Featured News

Brooklyn Brewery Eyeing New Locations in New York City

Cold beerThe popular and aptly named Brooklyn Brewery has announced plans to relocate their current space in Williamsburg, Brooklyn, to the Navy Yard and Industry City, according to Crain’s New York Business.

The brewery has long been searching for a spot to relocate their manufacturing facilities to the borough, which can offer as much as 60,000 square feet.

While the majority of Brooklyn Brewery’s beer is made further upstate in Utica, they still hold onto their Brooklyn location, where they create most of their specialty brews as an essential part of their branding.

North 11th Street, at 61-71 Wythe Ave., also functions as a tasting room, retail shop, and a place for the public to watch beer being made. The new facility would serve as a similar location.

“What is tricky is finding a space where we can do the manufacturing but also have the retail be an important component,” stated Eric Ottaway, the company’s chief operating officer and general manager. “It’s hard to find a neighborhood that has the level of visibility that Williamsburg has.”

Brooklyn Brewery would play a role in Industry City’s and Navy Yard’s ambition to bring in manufactures with production facilities that can provide consumers a chance to experience product creation.

Currently, the brewery has nine years left on their Williamsburg lease.

Noting the recent hike in rent prices in the neighborhood, as well as landlords pushing to redevelop buildings into high-end commercial or residential space, Ottaway explained, they “know our ability to renew is zero.”

Brooklyn Brewery received a total of $800,000 in state grants to renew its Williamsburg lease until 2025, but it wasn’t clear whether or not relocating before the lease expired would cut a portion of their subsidy.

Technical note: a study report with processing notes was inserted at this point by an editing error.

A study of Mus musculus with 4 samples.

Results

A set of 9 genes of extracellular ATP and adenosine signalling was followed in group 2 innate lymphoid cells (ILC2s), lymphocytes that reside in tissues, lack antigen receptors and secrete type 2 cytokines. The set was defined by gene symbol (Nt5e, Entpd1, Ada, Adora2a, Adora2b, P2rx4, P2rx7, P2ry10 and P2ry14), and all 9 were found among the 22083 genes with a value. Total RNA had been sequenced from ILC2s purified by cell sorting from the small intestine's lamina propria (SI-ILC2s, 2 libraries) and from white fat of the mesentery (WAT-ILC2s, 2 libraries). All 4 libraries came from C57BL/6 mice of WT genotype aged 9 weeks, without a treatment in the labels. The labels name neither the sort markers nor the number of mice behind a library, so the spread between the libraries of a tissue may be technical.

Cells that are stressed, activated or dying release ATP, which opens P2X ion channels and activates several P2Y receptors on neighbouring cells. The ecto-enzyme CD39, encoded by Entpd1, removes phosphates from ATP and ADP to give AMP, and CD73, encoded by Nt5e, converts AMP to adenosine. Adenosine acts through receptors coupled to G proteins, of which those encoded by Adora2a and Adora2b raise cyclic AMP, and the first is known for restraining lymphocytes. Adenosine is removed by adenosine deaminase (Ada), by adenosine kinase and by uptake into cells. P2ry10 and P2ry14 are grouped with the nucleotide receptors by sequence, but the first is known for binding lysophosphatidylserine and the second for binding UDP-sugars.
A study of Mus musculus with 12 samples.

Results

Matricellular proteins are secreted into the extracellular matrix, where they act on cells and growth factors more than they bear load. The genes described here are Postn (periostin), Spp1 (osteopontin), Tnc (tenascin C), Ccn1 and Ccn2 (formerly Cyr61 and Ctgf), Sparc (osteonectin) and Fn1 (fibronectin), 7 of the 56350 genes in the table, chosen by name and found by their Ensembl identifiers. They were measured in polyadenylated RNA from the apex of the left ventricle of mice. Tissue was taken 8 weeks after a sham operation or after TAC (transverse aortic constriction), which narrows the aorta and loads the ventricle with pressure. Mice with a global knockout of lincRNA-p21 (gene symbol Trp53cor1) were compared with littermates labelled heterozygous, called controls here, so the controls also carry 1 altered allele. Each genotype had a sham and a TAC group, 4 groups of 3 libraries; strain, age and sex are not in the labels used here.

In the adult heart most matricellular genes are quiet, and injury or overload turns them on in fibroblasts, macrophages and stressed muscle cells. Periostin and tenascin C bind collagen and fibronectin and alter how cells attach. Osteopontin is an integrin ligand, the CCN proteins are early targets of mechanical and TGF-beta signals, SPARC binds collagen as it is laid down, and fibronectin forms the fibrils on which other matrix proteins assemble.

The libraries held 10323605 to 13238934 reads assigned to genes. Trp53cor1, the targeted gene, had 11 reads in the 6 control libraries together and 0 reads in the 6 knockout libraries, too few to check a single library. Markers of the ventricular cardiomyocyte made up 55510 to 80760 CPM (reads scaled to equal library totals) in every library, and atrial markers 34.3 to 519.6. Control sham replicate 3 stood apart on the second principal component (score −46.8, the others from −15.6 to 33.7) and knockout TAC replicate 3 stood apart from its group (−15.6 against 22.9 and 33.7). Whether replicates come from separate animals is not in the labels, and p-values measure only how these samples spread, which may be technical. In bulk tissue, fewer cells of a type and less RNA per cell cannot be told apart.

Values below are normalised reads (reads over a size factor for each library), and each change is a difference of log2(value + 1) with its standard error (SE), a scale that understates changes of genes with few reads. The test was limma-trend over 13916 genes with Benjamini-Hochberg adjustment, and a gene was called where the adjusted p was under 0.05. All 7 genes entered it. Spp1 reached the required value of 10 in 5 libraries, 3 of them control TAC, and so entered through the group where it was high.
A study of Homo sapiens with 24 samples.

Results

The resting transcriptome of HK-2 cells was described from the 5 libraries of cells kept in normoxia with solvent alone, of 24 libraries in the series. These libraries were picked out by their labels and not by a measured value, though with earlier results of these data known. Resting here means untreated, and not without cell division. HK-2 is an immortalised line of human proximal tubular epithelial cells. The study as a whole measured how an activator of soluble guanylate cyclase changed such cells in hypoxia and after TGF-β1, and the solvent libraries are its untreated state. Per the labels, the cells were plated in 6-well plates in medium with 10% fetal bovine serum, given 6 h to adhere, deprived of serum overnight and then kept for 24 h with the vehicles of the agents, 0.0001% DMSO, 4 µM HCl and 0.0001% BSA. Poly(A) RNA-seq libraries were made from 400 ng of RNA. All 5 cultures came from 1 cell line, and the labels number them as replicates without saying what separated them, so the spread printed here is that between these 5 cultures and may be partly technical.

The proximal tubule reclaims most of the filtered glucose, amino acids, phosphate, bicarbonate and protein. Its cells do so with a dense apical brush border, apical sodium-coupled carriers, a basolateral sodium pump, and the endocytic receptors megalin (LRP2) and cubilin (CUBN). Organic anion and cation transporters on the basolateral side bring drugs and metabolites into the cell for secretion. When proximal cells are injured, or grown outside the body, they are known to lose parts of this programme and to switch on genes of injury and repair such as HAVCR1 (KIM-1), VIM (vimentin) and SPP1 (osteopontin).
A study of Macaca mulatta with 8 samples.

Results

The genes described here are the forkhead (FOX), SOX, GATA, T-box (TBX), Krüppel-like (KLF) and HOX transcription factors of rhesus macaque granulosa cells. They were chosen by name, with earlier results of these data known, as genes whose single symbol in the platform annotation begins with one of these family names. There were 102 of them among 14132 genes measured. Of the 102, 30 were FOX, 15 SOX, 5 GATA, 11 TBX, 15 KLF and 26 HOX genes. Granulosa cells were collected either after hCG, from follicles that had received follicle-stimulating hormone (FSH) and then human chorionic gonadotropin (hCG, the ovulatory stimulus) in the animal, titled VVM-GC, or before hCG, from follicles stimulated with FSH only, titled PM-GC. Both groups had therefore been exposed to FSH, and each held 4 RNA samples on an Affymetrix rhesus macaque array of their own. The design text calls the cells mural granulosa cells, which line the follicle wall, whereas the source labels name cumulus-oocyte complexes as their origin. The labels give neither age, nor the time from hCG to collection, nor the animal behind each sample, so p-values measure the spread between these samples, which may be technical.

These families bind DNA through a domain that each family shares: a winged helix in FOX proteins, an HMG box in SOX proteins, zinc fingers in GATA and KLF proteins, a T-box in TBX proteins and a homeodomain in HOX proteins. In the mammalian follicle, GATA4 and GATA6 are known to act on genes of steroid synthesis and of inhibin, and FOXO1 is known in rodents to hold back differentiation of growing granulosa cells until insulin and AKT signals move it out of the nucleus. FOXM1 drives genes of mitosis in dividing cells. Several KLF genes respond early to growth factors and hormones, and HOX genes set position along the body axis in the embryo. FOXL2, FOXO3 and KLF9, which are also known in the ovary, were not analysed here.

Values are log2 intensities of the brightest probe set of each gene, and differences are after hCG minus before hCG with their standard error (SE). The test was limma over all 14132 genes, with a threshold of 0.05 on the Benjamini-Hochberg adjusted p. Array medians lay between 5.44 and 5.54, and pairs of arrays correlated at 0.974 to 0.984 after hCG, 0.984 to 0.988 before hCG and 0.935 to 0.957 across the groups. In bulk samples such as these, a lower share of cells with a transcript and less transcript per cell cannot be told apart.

In addition, the company plans to move its Utica brewing plant to a $70 million, 200,000-square-foot facility on the west side of Staten Island, but the transaction is not yet finalized.

“We need to bring our manufacturing closer to the ports in the city,” said Ottaway, noting that the firm’s overseas export business is showing positive growth.

However, it may be a good thing they’re not currently in the process of moving their Williamsburg location given that New York City Beer Week recently kicked off and ran through February 28.

Expanding from four breweries during the original Beer Week to 24 participating this year, Time Warner Cable News reports there were hundreds of events in bars, restaurants, and retailers around the city, all curated by the New York City Brewers Guild.

“Seems like there is a beer bar, beer restaurant every block,” said brew master and taste-tester at Greenpoint Beer Works, Kelly Taylor. “It used to be you’d have to search out and travel and go to them. Now they are in your neighborhood.”

With the majority of the Untied States living within 10 miles of a local brewery, Taylor is likely not far off.